By Spencer Myers
November 29, 2012
It is astounding how much more brilliant a human being is than a god. Gods are fairy tales. The deified Lincoln always stood tall and always had a clear conscious. This deity declared no more slavery and saw that it was good. The real Lincoln knelt down to put more wood in the fireplace and was haunted by dead bodies. The real Lincoln did what was necessary to overcome an opposing south and an opposing democratic party.
“Lincoln” covers Abraham Lincoln’s (Daniel Day-Lewis) struggle to pass the thirteenth amendment through the House of Representatives. The Union victory of the Civil War is assured but the bodies still stack up. Lincoln is aided by his Secretary of State William Seward (David Strathairn) in persuading Democratic representatives to vote for the amendment despite its radical nature and ability to further complicate the readmittance and reconstruction of the American south.
There are no actors in “Lincoln.” This, by no means, is a statement on lack of talent; the movie becomes a game of “what other movie have I seen him in before?” This movie is filled with living breathing characters. Spielberg allows each venerable actor to study their characters in full while giving the actors with less experience the necessary direction. This leaves no weak links in the chain. Even the youngest son of Lincoln inhabits his role.
Spielberg’s directing prowess is trumped only by Daniel Day-Lewis’s acting. For one reason or another Day-Lewis, despite being born in the UK, has mastered the role of the consummate American Patriot. Lincoln tells his favorite stories, he laughs at his own jokes, he polishes his own boots, and never for a second will the viewer think that they are watching an actor. Trying to describe how flawless his portrayal of Lincoln is only reduces it. The only way to fully grasp his mastery is to see the movie.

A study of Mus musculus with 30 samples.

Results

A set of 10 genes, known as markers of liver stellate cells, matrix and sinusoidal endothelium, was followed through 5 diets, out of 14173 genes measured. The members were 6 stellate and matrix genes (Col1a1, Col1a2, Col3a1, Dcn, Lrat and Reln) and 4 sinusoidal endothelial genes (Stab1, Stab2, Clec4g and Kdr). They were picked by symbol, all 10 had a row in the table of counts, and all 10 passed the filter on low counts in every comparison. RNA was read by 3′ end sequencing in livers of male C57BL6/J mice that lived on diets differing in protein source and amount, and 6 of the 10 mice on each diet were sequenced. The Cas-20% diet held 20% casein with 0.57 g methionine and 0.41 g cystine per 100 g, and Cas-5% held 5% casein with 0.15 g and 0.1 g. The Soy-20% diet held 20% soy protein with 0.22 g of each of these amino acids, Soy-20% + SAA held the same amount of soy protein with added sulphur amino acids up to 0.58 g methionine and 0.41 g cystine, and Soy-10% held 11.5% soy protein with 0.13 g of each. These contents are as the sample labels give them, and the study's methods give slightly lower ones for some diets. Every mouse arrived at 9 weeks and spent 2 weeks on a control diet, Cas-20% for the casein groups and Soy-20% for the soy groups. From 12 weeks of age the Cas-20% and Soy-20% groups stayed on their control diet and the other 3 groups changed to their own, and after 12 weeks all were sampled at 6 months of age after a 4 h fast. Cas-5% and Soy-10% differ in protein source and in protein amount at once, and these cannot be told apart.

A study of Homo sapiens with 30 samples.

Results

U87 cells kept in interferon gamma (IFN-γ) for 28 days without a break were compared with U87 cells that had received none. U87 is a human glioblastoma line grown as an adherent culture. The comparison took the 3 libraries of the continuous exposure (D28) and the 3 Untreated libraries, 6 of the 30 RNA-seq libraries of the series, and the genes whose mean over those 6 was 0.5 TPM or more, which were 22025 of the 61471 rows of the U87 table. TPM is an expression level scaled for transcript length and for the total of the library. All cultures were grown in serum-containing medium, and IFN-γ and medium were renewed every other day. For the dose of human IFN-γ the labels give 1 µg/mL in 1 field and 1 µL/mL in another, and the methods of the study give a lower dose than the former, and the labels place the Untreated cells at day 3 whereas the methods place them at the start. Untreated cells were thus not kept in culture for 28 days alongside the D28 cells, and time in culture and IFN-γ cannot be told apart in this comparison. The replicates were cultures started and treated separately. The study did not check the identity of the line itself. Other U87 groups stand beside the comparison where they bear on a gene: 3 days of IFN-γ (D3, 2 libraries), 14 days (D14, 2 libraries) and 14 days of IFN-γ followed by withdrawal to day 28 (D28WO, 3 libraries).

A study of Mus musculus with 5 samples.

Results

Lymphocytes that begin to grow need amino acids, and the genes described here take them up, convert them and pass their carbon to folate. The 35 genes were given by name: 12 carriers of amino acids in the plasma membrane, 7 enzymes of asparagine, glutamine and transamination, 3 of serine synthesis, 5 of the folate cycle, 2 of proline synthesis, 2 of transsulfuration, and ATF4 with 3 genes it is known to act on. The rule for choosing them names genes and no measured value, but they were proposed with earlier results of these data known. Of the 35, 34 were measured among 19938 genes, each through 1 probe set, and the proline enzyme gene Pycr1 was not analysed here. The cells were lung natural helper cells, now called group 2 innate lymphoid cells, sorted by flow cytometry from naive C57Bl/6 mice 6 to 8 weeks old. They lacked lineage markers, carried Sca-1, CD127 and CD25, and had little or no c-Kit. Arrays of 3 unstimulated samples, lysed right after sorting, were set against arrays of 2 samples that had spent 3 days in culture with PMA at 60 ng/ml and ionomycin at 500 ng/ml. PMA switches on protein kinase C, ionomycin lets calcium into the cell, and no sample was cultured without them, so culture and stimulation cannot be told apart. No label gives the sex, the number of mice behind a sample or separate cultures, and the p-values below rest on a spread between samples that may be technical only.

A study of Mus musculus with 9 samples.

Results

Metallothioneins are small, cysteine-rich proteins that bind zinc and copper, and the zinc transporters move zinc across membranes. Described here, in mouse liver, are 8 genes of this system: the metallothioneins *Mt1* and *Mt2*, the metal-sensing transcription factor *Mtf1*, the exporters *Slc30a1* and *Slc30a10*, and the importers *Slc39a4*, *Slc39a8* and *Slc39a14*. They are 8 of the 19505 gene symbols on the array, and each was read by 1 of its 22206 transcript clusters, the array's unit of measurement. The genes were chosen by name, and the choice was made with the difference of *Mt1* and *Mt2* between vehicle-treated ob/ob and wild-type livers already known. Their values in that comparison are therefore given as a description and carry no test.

“Lincoln” never loses its audience’s attention, not even in scenes without Lincoln present. The complete ensemble lives. The underhanded political trio played by James Spader, John Hawkes, and Tim Blake Nelson provide excellent comedic relief as they grease palms to get the twenty democratic votes needed to pass the amendment. Tommy Lee Jones fills the screen with raw energy as the radical abolitionist Thaddeus Stevens who is made to tone down his love for equal rights so that the thirteenth amendment will not scare those afraid to move forward, as Lincoln says there is no purpose of knowing true North on a compass only to walk into a swamp along the journey.
This movie is filled to the brim with talent. The sets are flawless. The lighting is kept to perfectly realistic dark as the time period only allows for oil lamps and candles. The scenes in the sunlight really stand out because of this.
The sets and lighting put this film in 1865, but there are certain lines that make the setting truly breathe. In one scene a politician is boarding a carriage when the wife handing him off says to his servant “it’s going to be a long trip, get him drunk so that he can fall asleep.” The culture of another time becomes so real that comparing it to modern day becomes almost automatic.
“Lincoln” is the film to see this year. It starts off slower, as most historical pieces do, but don’t let that be a deterrent as it quickly gains momentum. There is no legitimate excuse to not take this opportunity to allow the flesh and bone human Abraham Lincoln to stand before you and impart his wisdom.